Stallone have returned under a new name as Eulogy and Eternal Worth marks a distinctive stylistic shift from the band’s previous material. While previous records Cardiac Black and Mire sat more comfortably in the mathcore category bringing in comparisons to bands like Palm Reader, Eternal Worth takes a more direct approach to its song-writing that results in a more metallic hardcore sound akin to bands like Old Skin.
While this is still very much heavy music in the hardcore mould, you definitely notice Eulogy’s music spends less time noodling around with complex structures and more time beating you into submission with a massive groove. This is the clear distinction between the Eulogy of old and the Eulogy of now; the riffs are placed front and centre. While Mire would often get bogged down (no pun intended) in technical wizardry, songs like Deaf Cult clearly favour melody. That nasty, stomping riff that kicks everything off is certainly proof of that.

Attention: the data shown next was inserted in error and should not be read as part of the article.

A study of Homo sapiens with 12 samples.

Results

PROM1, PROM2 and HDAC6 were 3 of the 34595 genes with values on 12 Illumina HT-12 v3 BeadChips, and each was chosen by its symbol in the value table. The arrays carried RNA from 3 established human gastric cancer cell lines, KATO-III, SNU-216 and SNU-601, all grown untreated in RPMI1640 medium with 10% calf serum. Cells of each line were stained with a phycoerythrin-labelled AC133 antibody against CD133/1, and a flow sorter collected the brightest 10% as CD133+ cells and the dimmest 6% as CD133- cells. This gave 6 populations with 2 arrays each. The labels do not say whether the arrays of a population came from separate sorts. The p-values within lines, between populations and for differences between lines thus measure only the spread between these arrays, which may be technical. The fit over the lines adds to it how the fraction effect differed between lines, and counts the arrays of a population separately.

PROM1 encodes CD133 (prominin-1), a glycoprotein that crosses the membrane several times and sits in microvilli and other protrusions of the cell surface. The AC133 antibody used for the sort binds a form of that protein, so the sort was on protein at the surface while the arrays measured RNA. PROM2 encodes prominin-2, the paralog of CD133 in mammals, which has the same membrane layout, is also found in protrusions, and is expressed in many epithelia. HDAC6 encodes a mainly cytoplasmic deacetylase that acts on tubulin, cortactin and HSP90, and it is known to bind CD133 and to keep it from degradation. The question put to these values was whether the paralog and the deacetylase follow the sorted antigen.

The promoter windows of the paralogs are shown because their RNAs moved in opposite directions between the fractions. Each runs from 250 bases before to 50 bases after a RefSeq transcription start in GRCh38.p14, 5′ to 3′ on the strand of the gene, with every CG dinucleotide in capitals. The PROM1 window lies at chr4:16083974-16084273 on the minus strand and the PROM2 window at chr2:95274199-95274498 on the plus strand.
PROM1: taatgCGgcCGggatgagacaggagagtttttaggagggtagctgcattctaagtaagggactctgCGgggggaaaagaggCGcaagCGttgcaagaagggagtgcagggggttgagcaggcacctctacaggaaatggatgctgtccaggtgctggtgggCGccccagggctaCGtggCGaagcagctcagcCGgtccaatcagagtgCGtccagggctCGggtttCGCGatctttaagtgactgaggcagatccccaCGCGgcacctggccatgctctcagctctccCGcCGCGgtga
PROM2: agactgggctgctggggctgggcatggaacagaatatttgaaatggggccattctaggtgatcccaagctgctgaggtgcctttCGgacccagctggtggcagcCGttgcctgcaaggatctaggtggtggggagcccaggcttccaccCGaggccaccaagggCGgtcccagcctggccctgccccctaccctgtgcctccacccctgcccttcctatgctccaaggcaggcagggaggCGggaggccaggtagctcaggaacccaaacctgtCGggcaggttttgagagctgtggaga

This shift in structure means Eulogy sound doubly pissed off as a result. The opening one-two of Doubt Shadows and Deaf Cult deal in some of the most disgustingly bile-ridden screams we’ve heard from the band and there’s some liberal use of blast-beats to make this the most metal-sounding Eulogy record to date.
What this change in song-writing also enables Eulogy to do is work with songs in a longer format that don’t outstay their welcome. Closing track Beyond the Skin is still as hate-fuelled and metallic as everything else on Eternal Worth, but now the band can explore more atmospheric lead guitar work and moments of haunting respite that create a considerably bleak vibe. There’s more to this song than your standard mosh-a-long anthem.
Eulogy have hit their stride on Eternal Worth. This is a record that doesn’t mess about and gets straight to the point. This is a laser-focussed metallic hardcore assault that is big on groove and if the name change wasn’t a big enough indicator, it marks an important step up for Eulogy as a band.